Local watchdog challenges judiciary over corruption

Transparency Rwanda, has accused the judiciary of not eliminating legal procedures that may lead to corruption. Among those include sudden resumption of closed court cases.
Immaculee Ingabire
Immaculee Ingabire

Transparency Rwanda, has accused the judiciary of not eliminating legal procedures that may lead to corruption. Among those include sudden resumption of closed court cases.

According to Chairperson of Transparency Rwanda, Marie Immaculée Ingabire, her office has continuously complained about revisions of the court verdicts with an executory formula.

An executory formula is an enforcement seal stamped on a court ruling that allows the implementation of the verdict.

“There are cases where a ruling is passed, the 30 days of appeal also expire but suddenly the defendant files an appeal under unclear circumstances. There is no way someone can convince us that there is no element of corruption in such arrangements,” said Ingabire.

She added that Transparency Rwanda has continuously raised the concerns with the Judiciary in vein.

Reacting to the accusations, however, the spokesman of Courts, Charles Kaliwabo, refuted the claims, saying that lifting of executory formula seal cannot, in any way, encourage corruption.

“There are situations where a defendant fails to appeal within the required 30 days due to some valid reasons – maybe he or she was sick – in that case an executory formula seal is stamped on the court verdict and a court order is implemented.

“However, anytime the defendant shows up and proves beyond doubt that they were unable to appeal within the stipulated timeframe due to unavoidable reasons, the seal is lifted and the case is revised. This is the misunderstanding we have with Transparency Rwanda,” said Kaliwabo.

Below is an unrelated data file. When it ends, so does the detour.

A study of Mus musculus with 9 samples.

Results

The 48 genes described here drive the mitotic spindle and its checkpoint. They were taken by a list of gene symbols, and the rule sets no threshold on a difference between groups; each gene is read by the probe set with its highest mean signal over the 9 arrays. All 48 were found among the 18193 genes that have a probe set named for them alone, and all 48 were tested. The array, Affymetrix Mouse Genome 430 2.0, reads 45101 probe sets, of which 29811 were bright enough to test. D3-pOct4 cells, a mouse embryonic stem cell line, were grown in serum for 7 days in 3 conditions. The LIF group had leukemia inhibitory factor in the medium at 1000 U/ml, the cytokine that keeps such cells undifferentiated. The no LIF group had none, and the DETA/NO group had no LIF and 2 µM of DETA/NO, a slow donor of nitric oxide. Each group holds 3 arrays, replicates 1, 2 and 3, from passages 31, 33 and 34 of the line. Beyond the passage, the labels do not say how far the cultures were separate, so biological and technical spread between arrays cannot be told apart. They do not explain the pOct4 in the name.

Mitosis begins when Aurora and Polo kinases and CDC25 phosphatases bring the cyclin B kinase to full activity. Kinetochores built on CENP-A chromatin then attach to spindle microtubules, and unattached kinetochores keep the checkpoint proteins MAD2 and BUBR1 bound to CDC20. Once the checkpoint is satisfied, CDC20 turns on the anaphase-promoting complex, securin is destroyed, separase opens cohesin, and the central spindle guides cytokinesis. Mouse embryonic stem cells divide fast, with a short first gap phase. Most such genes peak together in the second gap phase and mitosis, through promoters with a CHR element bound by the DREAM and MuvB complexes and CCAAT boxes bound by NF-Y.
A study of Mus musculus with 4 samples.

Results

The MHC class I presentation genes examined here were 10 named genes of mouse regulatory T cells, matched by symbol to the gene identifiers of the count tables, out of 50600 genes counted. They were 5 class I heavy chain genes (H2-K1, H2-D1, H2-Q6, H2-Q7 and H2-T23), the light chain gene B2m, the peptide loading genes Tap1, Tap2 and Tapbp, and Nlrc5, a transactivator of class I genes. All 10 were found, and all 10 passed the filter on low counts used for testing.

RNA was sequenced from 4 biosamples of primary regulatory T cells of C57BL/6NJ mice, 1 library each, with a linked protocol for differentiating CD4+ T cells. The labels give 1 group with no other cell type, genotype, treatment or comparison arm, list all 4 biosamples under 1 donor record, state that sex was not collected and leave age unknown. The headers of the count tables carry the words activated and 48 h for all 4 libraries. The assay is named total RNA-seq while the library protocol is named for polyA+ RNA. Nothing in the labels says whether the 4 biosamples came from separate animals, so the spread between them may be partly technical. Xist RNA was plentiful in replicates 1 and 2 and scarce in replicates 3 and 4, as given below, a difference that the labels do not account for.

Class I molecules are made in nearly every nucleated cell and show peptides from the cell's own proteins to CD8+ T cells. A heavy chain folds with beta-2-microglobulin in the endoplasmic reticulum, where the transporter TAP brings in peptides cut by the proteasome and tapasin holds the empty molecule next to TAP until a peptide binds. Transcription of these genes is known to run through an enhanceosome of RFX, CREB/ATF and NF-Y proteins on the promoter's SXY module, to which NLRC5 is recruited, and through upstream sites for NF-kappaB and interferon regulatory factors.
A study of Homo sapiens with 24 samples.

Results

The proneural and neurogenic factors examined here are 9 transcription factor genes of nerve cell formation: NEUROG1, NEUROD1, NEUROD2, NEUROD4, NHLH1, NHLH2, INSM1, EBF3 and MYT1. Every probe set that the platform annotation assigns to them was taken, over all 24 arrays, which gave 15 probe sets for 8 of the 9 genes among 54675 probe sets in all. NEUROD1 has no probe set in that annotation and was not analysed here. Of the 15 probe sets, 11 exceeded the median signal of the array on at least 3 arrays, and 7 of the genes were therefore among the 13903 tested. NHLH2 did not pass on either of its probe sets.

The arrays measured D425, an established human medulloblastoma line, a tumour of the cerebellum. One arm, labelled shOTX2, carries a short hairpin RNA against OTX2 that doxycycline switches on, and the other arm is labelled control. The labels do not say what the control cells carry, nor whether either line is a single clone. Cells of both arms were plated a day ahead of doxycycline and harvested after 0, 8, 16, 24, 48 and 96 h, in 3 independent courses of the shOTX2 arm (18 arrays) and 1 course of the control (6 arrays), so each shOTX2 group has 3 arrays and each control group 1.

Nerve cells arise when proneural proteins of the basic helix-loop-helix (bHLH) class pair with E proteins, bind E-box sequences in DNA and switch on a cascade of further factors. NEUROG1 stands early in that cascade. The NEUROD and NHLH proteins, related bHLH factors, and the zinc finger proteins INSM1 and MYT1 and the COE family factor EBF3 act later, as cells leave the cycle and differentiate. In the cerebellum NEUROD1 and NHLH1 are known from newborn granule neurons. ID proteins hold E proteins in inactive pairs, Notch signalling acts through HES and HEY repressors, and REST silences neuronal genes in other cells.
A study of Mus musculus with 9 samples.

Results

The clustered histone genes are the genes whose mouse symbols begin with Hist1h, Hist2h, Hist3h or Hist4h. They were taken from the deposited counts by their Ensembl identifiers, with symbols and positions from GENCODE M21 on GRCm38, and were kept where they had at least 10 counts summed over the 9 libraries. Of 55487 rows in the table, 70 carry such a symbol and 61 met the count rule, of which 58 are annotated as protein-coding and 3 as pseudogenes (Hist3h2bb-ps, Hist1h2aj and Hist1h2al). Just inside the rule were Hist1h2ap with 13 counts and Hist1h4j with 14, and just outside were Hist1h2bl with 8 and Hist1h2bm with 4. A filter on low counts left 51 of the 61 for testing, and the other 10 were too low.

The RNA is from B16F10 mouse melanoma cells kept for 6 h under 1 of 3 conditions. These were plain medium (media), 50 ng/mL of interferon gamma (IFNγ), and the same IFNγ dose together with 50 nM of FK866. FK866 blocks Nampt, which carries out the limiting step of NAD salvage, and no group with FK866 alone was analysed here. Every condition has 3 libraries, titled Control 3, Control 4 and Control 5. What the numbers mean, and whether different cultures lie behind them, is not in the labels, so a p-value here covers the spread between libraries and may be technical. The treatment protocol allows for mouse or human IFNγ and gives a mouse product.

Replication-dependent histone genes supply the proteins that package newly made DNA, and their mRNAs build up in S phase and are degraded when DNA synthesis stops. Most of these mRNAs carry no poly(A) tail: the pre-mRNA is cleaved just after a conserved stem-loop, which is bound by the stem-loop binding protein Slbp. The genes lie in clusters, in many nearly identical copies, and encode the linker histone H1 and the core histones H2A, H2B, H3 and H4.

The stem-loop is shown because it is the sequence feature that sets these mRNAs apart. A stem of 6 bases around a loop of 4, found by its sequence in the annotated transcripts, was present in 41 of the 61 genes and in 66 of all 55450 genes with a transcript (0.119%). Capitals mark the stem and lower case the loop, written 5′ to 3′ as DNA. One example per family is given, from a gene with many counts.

He added that the judiciary has held several meetings with Transparency over the same issue, but the parties have since failed to reach an agreement.

“We have requested Transperacy Rwanda to give us lists of the cases they claim were revised under unclear situations, but they have not given us that list,” said Kaliwabo.

Transparency Rwanda argues that, under no circumstances should a sealed case be resumed, and that the resumption of an already sealed case may be a result of a bribe.

Meanwhile Rwanda Bribery Index 2011, released last month, indicates that the average size of bribes reduced from Rwf 27,000 in 2010 to Rwf 19,000 in 2011.

Although the index does not capture high-profile corruption cases, it indicates that the most common form of corruption witnessed in Rwanda is bribery for purposes of securing a service.

A statement from Transparency Rwanda published Thursday indicates reads in part: “the likelihood of encountering bribe demand has reduced from 3.9 percent in 2010 to 1.19 percent in 2011. The institution with the highest likelihood of encountering a bribe demand situation is the police (5.83 percent) followed by mediators (4.62 percent) and the Civil Society (2.88 percent) takes the 3rd position, whereas it was ranked first in 2010.”

It adds that in 2010 survey, the police was ranked 3rd. On a positive, however, the likelihood decreased from 6.1 percent in 2010 indicating an overall reduction in bribery demand cases.

“Village and Justice Institutions come right after the top three while health centres are still the best performers,” reads the statement.

The survey revealed 45 percent of those who engage in corruption do so to obtain services which they are entitled to and should get for free. This represents an increase from 30.7 percent in 2010, indicating an increasing burden on service seekers.